Sports Columnists Maps Out His Suicide Plan: “I want to control the time and manner and circumstances of my death”

mmWho is Martin Manley? No one. And he would have been the first to have said so. He was just a guy who wrote analytical newspaper columns about sports, a self-described “stats freak” and fan of Bill James, the baseball statistician made famous in “Moneyball” for his empirical analysis of the game.

So, like Mr. JamesMr. Manley set about weighing the pros and cons of ending his own life. “I wanted to have one of the most organized good-byes in recorded history, and I think I will be successful,” he wrote. “The key has always been to do it before it becomes impossible to accomplish what I’m doing now — because then it’s too late and I would simply be along for the ride to the inevitable cliff. And that has always been an unacceptable conclusion to my life.”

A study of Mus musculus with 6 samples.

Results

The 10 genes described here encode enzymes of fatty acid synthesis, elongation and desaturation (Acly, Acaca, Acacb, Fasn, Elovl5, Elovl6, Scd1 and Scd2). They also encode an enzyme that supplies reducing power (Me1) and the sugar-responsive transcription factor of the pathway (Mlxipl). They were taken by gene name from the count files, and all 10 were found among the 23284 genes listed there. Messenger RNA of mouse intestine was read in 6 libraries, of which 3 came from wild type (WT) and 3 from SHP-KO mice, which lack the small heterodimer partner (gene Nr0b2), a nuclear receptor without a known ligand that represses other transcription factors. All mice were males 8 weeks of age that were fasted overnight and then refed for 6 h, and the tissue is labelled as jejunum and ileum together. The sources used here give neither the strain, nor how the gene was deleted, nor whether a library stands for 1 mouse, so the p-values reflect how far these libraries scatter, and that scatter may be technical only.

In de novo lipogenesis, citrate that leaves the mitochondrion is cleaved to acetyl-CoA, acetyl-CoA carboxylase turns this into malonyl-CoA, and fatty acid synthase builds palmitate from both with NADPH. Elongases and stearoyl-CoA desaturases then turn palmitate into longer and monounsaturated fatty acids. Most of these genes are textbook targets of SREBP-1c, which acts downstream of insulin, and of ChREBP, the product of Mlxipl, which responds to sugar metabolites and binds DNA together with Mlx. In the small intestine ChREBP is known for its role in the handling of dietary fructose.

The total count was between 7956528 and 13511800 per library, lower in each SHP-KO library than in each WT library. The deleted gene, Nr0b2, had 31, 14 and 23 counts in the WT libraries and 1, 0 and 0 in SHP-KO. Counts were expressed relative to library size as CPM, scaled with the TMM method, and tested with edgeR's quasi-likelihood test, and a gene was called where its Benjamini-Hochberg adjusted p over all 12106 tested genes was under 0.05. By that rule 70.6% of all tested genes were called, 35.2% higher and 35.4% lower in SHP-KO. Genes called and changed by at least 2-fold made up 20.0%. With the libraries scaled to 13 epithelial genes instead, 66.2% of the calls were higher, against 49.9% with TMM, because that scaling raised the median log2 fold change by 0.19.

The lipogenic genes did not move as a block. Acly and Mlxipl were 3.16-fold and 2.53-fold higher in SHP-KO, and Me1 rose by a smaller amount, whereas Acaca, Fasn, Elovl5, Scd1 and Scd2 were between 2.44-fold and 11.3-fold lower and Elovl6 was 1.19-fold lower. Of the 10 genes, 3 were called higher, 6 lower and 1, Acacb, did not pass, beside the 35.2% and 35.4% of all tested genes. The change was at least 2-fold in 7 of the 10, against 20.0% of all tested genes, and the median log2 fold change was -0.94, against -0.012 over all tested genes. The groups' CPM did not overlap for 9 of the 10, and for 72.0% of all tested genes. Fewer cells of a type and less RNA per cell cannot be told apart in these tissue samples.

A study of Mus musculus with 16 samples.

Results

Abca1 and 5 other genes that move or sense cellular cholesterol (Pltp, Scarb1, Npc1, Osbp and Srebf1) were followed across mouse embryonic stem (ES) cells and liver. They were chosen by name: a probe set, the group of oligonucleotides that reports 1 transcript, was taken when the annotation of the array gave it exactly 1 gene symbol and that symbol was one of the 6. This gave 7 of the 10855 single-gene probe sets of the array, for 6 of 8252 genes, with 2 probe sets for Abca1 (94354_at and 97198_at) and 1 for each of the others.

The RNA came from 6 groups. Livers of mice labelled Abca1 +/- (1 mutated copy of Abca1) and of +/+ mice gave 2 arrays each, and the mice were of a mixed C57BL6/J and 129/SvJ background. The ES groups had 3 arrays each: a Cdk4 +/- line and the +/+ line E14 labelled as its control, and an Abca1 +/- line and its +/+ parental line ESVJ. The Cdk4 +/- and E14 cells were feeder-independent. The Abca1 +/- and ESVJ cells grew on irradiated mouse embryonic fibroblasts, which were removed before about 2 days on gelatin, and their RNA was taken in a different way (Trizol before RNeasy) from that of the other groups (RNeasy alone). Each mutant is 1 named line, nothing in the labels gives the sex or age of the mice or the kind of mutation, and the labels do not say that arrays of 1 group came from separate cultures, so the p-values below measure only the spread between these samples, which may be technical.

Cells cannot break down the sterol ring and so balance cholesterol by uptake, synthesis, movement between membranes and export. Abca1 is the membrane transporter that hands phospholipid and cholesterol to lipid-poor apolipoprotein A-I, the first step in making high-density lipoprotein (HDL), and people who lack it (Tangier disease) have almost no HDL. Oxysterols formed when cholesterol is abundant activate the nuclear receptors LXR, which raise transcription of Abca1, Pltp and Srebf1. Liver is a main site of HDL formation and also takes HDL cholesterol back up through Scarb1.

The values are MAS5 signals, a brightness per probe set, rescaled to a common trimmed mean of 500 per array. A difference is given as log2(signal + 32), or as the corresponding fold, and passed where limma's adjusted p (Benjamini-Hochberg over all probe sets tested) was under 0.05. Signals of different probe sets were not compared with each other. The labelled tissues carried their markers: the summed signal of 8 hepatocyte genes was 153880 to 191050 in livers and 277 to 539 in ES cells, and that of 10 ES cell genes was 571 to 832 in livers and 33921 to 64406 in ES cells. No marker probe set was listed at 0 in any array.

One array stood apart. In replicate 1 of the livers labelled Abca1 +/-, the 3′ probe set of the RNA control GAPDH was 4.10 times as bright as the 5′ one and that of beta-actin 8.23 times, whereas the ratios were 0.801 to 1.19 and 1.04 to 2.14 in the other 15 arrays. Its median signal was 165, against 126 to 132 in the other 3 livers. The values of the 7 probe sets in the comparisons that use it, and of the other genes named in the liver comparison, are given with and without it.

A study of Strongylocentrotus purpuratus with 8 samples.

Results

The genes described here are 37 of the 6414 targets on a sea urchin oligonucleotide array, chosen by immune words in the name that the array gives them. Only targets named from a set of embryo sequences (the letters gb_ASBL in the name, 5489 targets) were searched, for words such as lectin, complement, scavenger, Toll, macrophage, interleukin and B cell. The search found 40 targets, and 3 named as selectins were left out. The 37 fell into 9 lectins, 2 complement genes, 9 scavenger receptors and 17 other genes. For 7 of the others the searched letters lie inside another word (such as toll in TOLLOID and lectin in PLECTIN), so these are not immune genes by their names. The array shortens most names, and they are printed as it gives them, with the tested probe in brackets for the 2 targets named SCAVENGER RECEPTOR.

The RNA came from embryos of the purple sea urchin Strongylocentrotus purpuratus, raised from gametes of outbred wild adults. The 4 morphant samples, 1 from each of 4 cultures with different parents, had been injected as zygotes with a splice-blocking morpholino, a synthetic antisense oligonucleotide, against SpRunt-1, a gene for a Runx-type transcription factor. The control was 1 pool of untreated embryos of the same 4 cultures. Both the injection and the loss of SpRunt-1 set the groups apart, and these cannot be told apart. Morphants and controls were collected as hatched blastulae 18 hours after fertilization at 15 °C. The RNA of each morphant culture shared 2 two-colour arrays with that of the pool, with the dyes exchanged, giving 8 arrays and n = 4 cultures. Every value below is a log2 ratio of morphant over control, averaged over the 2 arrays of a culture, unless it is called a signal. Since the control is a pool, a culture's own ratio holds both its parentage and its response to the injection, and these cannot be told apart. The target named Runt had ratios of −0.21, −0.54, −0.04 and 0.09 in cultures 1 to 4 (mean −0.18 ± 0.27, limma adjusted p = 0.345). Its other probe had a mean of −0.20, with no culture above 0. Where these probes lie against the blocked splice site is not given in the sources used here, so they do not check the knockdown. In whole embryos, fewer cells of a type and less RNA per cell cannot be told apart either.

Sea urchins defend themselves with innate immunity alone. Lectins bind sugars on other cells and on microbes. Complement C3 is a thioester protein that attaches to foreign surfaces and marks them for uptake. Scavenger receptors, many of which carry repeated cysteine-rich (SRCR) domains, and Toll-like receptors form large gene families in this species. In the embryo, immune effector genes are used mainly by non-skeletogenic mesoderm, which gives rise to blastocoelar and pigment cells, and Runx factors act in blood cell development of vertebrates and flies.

On his 60th birthday, this past Thursday, he drove to the parking lot of the Overland Park police department outside Kansas City, Kan., and shot himself in the head. He sent letters to all his friends, to his brother and sister, timed to arrive that day. More, he left a website detailing every step of his decision — making him the first man in history (he says) to have done so.

The site (once found at but ironically removed by Yahoo because it “violated our terms of service”) is a window into the mind of a suicidal man. Although he says this — “The major reasons adults commit suicide — health, legal, financial, loss of loved ones, loneliness or depression … none of those issues are relevant to me” — a psychologist might find plenty in his thousands of words to diagnose him with acute narcissism or delusions of grandeur or clinical depression.